Wednesday, July 15, 2015

DIY Inground Pool Repair: Part IV–Replacing Cracked Caulk in Expansion Joints

After doing repairs to the tile and coping, we had simply planned to fix some small cracked areas of caulk in the expansion joints of the pool deck, then repaint it. Upon closer inspection, however, all the caulk was clearly in need of replacing. This part of the process was as fun as it sounds, or maybe less, and my back was spasming for days from the effort. Still, well worth it. I have read of estimates that suggest you would pay someone $5-8 PER LINEAR FOOT to replace caulking. What?!?! We have about a million linear feet of this stuff, so even if I needed medical attention after this DIY, it was still going to save us big money.

Removing the caulk was time-consuming but not terribly difficult since it was in bad shape. Some pulled right out, other parts needed some help from a linoleum knife. I didn’t think to take pictures of this part, but you can use your imagination to visualize disturbed ants nests, dirt of all colors, and general filth and decay. One pool’s worth of old caulk and backer rod filled a 5 gallon poly bucket. I then swept out the areas so they would be clean and dry for putting in the new caulk. At this point, I wish I had sprayed all the cracks for ants… they love burrowing under the caulk, and they don’t mind eating through it if they have to. So, consider that if you have a multitude of anthills along your expansion joints.

Since I did my homework, I knew I needed paintable, elastomeric caulk, ideally with some silicone content for durability. This is not something you can find easily at the Blue or Orange stores. I looked around the interwebs, asked in some pool forums, and finally found that the stuff I was looking for was available at my local Sherwin-Williams*. I chose the Powerhouse Siliconized Acrylic Latex Sealant… the red tube. I bought it on sale and used a $10 off $50 coupon, so it came out to be about $1.59 per tube instead of $2.99. Which is great because this project required about 31 tubes of caulk. We bought 5 cases of 12 and returned what we didn’t need (they even recommended that we do that, and it was as easy as pie to return the unused tubes).


To properly repair expansion joints of this width (1/4”-1” in places), you need to first place foam backer rod into the crevice, leaving room for caulk on top. Backer rod looks like a long length of tiny pool noodle foam. It saves caulk by filling some volume, and prevents the caulk from adhering to the bottom of the trough. When you know the concrete slabs are going to move over time due to instability of the material beneath it (the definition of an expansion joint; in our northern climes it occurs due to slight erosion and/or frost heaving in winter), you want to create a bridge of caulk that spans from one side of the crack to the other, to keep out water that can freeze and cause problematic cracks in the concrete or induce the aforementioned erosion of the ground under the concrete. If the caulk is also adhered to the bottom of the joint, it can limit how the caulk can stretch and cause it to crack and fail prematurely. So, backer rod. Find it near the insulation area in any home improvement store. It might run you about $3-5 for 25 feet. We used about 5-6 packages of the stuff, in varying widths to fill whatever size gap you have. 31hGdh1LAgL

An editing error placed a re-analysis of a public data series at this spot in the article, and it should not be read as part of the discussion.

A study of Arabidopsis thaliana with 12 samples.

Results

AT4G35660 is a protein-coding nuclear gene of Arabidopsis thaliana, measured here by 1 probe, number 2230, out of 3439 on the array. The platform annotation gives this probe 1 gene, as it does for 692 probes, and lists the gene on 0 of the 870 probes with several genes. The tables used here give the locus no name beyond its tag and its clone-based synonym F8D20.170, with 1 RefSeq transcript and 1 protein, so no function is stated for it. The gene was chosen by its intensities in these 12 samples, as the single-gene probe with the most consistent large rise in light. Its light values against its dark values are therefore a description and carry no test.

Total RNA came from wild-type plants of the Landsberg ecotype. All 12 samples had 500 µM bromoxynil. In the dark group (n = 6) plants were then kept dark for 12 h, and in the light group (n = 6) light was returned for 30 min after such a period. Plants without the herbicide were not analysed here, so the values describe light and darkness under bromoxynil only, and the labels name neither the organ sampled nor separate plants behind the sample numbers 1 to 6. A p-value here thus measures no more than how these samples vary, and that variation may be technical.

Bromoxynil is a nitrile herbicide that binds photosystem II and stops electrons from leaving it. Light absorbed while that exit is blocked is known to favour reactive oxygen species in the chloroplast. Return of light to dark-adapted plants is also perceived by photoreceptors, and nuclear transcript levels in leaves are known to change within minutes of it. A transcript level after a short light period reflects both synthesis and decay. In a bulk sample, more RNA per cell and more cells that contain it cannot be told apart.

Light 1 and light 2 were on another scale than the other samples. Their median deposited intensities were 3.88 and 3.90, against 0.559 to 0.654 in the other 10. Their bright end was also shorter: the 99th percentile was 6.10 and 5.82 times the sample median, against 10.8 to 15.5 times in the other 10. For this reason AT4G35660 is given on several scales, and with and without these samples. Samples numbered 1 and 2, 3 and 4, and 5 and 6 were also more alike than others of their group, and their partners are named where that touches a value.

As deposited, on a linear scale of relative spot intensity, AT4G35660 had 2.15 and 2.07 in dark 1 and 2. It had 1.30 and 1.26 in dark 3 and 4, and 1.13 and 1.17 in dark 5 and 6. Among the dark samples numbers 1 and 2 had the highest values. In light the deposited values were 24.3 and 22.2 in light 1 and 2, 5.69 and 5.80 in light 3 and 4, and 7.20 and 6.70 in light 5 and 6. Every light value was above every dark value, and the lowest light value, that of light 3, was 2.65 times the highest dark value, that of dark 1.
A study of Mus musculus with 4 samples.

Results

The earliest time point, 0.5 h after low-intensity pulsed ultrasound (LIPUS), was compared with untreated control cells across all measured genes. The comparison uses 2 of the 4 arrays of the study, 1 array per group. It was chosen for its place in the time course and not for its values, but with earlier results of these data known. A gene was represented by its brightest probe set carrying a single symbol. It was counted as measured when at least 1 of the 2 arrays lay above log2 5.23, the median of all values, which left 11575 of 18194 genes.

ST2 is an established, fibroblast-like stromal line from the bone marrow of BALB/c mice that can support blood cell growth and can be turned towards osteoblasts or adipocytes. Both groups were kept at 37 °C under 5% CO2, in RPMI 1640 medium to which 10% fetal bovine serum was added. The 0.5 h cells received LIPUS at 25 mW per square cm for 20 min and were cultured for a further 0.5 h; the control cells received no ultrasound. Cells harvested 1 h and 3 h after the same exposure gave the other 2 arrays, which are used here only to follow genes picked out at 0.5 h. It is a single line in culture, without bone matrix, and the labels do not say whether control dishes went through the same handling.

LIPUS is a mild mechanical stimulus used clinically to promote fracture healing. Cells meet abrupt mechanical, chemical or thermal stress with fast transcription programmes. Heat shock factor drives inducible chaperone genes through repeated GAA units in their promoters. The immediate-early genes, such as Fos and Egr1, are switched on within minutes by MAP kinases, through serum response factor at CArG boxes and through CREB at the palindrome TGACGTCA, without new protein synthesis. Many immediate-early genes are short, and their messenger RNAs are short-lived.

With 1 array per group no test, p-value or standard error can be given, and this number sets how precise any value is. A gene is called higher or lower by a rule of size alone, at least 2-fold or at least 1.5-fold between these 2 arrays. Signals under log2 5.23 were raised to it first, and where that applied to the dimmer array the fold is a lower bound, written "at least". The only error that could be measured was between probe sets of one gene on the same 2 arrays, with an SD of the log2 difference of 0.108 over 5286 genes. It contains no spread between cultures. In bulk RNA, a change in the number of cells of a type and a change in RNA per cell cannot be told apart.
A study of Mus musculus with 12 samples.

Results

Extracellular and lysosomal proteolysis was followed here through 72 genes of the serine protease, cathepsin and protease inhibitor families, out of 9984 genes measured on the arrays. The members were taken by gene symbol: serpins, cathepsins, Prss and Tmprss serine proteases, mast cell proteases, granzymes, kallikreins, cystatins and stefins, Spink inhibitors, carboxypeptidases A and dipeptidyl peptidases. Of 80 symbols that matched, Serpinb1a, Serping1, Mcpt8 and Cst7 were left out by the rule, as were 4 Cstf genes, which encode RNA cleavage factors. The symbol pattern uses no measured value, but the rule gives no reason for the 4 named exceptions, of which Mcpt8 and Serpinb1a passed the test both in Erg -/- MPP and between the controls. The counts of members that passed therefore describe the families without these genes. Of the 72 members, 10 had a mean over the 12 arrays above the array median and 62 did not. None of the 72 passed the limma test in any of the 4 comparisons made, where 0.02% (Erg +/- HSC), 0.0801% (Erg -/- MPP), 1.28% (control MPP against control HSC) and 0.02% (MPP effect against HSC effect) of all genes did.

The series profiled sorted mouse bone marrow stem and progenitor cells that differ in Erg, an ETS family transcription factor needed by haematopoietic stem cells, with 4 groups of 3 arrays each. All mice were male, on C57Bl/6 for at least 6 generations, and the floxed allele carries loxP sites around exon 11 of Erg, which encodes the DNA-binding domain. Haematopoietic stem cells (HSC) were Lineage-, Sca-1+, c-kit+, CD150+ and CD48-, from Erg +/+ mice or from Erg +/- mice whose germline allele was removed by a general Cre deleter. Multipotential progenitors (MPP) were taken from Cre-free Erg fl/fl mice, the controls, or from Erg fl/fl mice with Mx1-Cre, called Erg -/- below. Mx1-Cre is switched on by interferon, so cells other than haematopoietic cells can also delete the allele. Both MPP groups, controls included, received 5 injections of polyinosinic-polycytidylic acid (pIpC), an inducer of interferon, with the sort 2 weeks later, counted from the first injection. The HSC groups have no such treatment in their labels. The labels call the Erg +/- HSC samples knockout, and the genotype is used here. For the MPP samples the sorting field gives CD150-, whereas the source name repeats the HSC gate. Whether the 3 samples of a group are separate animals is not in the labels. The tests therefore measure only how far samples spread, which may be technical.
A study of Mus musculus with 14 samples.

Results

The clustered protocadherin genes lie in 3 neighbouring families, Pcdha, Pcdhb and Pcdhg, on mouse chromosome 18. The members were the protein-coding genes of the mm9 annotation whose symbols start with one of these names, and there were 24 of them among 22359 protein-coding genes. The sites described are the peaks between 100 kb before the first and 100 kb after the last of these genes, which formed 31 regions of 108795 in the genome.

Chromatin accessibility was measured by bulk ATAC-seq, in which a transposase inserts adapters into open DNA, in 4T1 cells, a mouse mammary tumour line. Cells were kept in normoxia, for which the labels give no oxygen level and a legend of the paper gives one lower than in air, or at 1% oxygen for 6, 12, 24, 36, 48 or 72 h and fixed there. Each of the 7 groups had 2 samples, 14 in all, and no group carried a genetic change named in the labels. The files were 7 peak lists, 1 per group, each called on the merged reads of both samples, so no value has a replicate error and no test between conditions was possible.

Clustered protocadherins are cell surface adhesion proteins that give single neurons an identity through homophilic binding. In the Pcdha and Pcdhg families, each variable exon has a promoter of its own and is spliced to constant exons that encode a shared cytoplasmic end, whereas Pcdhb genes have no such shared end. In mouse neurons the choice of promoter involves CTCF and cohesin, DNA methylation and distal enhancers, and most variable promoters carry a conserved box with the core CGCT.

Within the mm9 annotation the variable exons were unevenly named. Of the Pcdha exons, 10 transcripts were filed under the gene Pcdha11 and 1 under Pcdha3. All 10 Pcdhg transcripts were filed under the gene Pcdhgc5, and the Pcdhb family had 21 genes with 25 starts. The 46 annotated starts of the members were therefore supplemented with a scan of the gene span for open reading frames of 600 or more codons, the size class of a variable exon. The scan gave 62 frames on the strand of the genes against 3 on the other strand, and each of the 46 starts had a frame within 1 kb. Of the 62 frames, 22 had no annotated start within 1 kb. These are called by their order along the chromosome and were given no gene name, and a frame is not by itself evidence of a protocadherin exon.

I then filled the gaps with backer rod, and proceeded to caulk the joints. I put a generous bead of caulk on each side of the rod to make good contact with the concrete sides, then used a very flexible putty knife to smooth the top level with the concrete. As it dried, it pulled down to form a concave trough. The excess wet caulk I scraped up I would then slop into a nearby deep area so as not to waste it, and I just moved along around the pool until I was back where I started. It took basically forever.


Now, in an ideal world, you’d have a week of dry weather both before and after caulking in order for it to cure the best. Here, it had rained a day before and then about 36 hours after, so it took a loooong time to cure properly, and a few lingering smooshy areas got a little mangled by little toes that needed to go swimming. I was feeling very pessimistic for a time, but eventually it all cured properly and there are precious few areas that I feel will need attention from me any time soon. We waited over a week before painting, but some of that waiting was due to more rain and other life happenings.


Next up is the painting (actually staining) of the concrete pool deck.

Here are the other pool repair topics I have already covered:

  • Safety
  • Replacing fallen tiles
  • Repairing crumbling pool coping

*This is my honest review of the product, which we purchased with our own money. I recommend it, and they had excellent customer service.